Mayor's meddling hampers Largo

    © St. Petersburg Times, published May 4, 2001


    If Largo isn't careful, it will get a worse reputation than Clearwater for botching important projects.

    People are shaking their heads about the Largo City Commission's latest tangle over downtown redevelopment. If we didn't know better, we'd think the city was determined not to accomplish anything downtown.

    Earlier this year, commissioners were stung by public criticism from downtown merchants who said they were losing their shirts while the city dallied. Even the city staff seemed fed up, telling commissioners they needed to come up with a vision, some consensus, about what they want.

    So last month, after many months (some would say years) of flailing around on the subject of downtown redevelopment, the City Commission seemed to get it together. Commissioners hashed out their differences and approved a list of objectives for downtown -- the foundation on which redevelopment could be built.

    They decided to sell the old city hall site to a developer to build a mix of townhomes, retail and commercial businesses. They decided to remove overhead wires and pave streets with bricks. They decided there would be areas downtown where people could gather for conversation, including a small park.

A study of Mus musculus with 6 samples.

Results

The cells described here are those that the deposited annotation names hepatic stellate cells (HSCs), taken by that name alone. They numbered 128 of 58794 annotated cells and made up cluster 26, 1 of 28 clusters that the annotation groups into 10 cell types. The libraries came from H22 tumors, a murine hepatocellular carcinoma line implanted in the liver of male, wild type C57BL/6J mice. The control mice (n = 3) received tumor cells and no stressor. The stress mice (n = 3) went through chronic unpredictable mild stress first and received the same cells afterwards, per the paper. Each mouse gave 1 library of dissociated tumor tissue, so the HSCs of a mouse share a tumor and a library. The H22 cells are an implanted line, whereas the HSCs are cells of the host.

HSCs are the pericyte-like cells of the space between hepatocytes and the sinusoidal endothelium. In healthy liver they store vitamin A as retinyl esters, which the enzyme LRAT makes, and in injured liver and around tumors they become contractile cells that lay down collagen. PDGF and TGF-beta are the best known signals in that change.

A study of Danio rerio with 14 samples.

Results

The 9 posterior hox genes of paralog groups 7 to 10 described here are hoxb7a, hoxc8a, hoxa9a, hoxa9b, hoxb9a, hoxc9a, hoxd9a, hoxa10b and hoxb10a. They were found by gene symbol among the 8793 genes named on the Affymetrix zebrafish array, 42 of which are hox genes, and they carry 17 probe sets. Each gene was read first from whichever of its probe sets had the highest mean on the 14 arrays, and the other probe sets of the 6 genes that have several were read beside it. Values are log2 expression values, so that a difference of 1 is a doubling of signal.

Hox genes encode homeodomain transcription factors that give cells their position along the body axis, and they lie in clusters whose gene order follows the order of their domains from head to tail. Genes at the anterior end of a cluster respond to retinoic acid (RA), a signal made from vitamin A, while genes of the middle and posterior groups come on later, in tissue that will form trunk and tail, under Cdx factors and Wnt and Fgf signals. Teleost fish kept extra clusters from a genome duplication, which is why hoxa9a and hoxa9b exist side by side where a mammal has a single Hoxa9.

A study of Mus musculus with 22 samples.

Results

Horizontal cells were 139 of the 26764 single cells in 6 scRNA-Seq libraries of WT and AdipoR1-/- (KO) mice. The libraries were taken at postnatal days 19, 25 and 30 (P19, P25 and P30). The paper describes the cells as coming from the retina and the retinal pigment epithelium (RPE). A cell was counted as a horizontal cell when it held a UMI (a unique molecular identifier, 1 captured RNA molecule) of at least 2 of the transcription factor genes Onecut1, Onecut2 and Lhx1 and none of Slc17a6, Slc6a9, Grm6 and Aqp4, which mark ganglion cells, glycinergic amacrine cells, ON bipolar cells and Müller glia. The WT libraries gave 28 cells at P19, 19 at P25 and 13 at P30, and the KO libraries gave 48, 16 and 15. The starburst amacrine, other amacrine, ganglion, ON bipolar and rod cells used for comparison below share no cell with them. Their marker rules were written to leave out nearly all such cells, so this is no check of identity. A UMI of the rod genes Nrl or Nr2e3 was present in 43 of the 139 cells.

Then what happened?

    Another U-turn.

    Mayor Bob Jackson doesn't like some of the objectives and doesn't believe recent sketches based on those objectives reflect the sort of downtown the community wants. So without consulting the City Commission, Jackson asked City Manager Steve Stanton to hire, at city expense of about $1,000, an architect to draw sketches reflecting the mayor's vision for downtown.

    "I want to put it out there and (let developers) decide whether it is feasible or not," Jackson said.

    Jackson's fellow commissioners found out what he was up to and confronted him at this week's City Commission meeting. They were understandably upset that Jackson had gone behind their backs to the city manager and was developing a plan and sketches of his own.

    Jackson might have some legitimate beefs with the adopted plan, and perhaps he is trying to be the sort of leader he feels the city needs.

    But going off on his own after the city's other elected leaders approved a plan does more damage than good. It makes him look untrustworthy to his fellow commissioners. It makes the commission appear fractured and contentious to residents and the business community. And it surely will send would-be developers somewhere else. After all, if you were a developer, would you want either the mayor or a majority of the City Commission against you as you prepared to make a big, risky investment downtown? It is hard enough to lure developers into failing downtowns when city leaders present a united front.

    Being a mayor is a tricky thing. A mayor needs to be a leader but also a consensus-builder. Jackson doesn't have it right yet. If he wanted his own ideas about downtown included in the city's plan, he should have presented them during the public debate and tried to persuade his colleagues to accept them. But if they did not, he should have accepted defeat and become a cheerleader for the commission's adopted plan.

    Now he has to take up another task that mayors sometimes face: damage control.